It had all the ingredients of a fashion lover’s death-row dinner party. There was US Vogue editor Anna Wintour, Australian film director Baz Luhrmann and a cast of top local fashion designers. In fact, the room was so charged with fashion power players that some guests may have overlooked the presence of federal MP and self-confessed fashion tragic Julie Bishop.
But the former foreign minister with a penchant for Louboutins and blingy earrings had a serious message for the visiting magazine dynamo: when it comes to fashion, Australia punches way above its weight.
“I will tell [Wintour] that Australian designers are among the most creative in the world,” Ms Bishop said on Thursday, ahead of Wintour’s speech at an Australian Open event in which she joined calls to change the name of Margaret Court Arena over the tennis champion’s controversial views on same-sex marriage.
Ms Bishop hoped Wintour, who is on her first visit to Australia, would appreciate Australian designers’ “edgy approach”.
“They are innovative, highly creative and talented and they can match, in fact best, anyone in the world,” Ms Bishop said.
Wintour freely admitted her knowledge of Australian fashion had been, before this week, slightly under par.
“I’m not as familiar with Australian designers as I should be so I am looking forward to changing that,” she said on Thursday.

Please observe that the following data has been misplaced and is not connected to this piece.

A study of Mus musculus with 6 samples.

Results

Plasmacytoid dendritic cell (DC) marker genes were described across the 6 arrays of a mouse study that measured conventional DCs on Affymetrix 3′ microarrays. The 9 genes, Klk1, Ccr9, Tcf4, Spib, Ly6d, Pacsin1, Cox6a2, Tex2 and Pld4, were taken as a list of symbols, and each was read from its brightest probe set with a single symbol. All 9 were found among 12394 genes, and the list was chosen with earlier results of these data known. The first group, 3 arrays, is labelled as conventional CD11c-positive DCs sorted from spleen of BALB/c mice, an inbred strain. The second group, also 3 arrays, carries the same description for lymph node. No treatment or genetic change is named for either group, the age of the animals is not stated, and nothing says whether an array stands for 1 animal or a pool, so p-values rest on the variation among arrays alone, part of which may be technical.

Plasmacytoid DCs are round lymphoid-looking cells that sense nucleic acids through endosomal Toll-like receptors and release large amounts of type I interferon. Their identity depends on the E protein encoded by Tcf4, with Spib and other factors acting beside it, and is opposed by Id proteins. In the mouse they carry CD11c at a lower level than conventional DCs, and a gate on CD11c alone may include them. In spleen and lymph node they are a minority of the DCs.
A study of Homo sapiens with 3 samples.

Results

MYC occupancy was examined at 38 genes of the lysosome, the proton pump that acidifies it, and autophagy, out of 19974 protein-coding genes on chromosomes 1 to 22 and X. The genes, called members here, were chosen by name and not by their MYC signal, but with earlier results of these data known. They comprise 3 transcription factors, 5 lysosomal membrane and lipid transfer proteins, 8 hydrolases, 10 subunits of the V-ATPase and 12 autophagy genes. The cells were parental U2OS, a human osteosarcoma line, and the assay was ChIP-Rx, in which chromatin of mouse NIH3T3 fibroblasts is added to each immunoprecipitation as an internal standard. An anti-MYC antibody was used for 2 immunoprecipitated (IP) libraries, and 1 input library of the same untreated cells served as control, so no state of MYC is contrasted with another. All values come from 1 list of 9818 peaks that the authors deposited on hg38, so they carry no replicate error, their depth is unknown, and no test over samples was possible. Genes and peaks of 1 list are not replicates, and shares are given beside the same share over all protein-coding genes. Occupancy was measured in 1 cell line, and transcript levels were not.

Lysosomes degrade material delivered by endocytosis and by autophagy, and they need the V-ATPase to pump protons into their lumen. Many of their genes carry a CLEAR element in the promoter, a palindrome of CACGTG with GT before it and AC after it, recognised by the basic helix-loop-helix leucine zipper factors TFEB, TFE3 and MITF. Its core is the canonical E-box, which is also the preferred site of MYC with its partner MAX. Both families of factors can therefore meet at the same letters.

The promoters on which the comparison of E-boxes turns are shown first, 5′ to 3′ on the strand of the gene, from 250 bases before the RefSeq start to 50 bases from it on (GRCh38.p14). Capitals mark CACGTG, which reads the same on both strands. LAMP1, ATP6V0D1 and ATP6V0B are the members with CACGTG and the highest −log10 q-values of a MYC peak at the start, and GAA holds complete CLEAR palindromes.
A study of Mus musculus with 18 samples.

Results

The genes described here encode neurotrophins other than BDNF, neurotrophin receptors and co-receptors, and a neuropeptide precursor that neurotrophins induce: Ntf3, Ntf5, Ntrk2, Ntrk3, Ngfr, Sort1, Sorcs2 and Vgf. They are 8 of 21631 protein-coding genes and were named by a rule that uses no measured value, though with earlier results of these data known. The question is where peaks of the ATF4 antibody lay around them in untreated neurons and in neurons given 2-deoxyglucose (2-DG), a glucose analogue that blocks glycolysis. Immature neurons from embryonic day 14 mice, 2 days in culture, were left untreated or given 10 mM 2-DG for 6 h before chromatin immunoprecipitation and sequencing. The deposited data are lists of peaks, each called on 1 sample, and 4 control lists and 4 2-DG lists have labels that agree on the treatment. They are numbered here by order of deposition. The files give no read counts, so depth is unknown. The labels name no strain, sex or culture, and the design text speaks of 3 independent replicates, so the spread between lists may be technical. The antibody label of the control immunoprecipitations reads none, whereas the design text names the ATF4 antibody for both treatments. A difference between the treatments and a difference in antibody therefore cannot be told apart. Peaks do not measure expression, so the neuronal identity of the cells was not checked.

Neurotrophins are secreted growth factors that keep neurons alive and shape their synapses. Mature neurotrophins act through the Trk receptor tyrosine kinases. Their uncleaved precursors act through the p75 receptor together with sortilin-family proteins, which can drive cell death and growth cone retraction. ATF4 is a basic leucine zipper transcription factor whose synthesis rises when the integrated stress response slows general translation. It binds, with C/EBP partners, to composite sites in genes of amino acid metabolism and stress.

On Friday morning, the New York-based magazine dynamo went to the fashion equivalent of cram school when she met 11 of the country’s up-and-coming designers at the National Gallery of Victoria.
The designers invited to show their work included Chris Ran Lin and Albus Lumen’s Marina Afonina, who next month will represent Australia at the International Woolmark Prize in London.
In an unscripted moment straight from a Hollywood set, Luhrmann jumped in to art direct a class photo of Wintour with the young talents – to chuckles from Wintour from behind her trademark Chanel sunglasses.
Luhrmann, who acts as creative director for the Met Gala (which is chaired by Wintour), said the visit to the gallery by his close friend was a “testament to the idea that fashion can no longer be relegated to the basement of cultural institutions. Fashion has its own legitimate place in the language of culture.”
Wintour’s week-long visit has largely been spent watching the Australian Open, with the self-confessed “tennis stalker” not missing a session since she touched down last Sunday. She is a close friend of Roger Federer and Serena Williams who are both out of the tournament.
In a coup for Melbourne, Wintour has donated two of her Chanel pieces – a classic cream suit, and her 2008 Met Gala gown – to the gallery’s permanent collection.
Wintour’s comments on Court’s opposition to same-sex marriage prompted a lively debate on Friday among senior Liberals, some of who accused the visiting editor of interjecting into matters where she is not welcome.
“I thought it was a bit tacky actually, to be honest,” home affairs minister Peter Dutton said on Today on Friday.
“Somebody coming here to criticise, to make a statement that wasn’t factually correct anyway, is pretty shabby. I mean, she thrives on media and attention … Good luck.”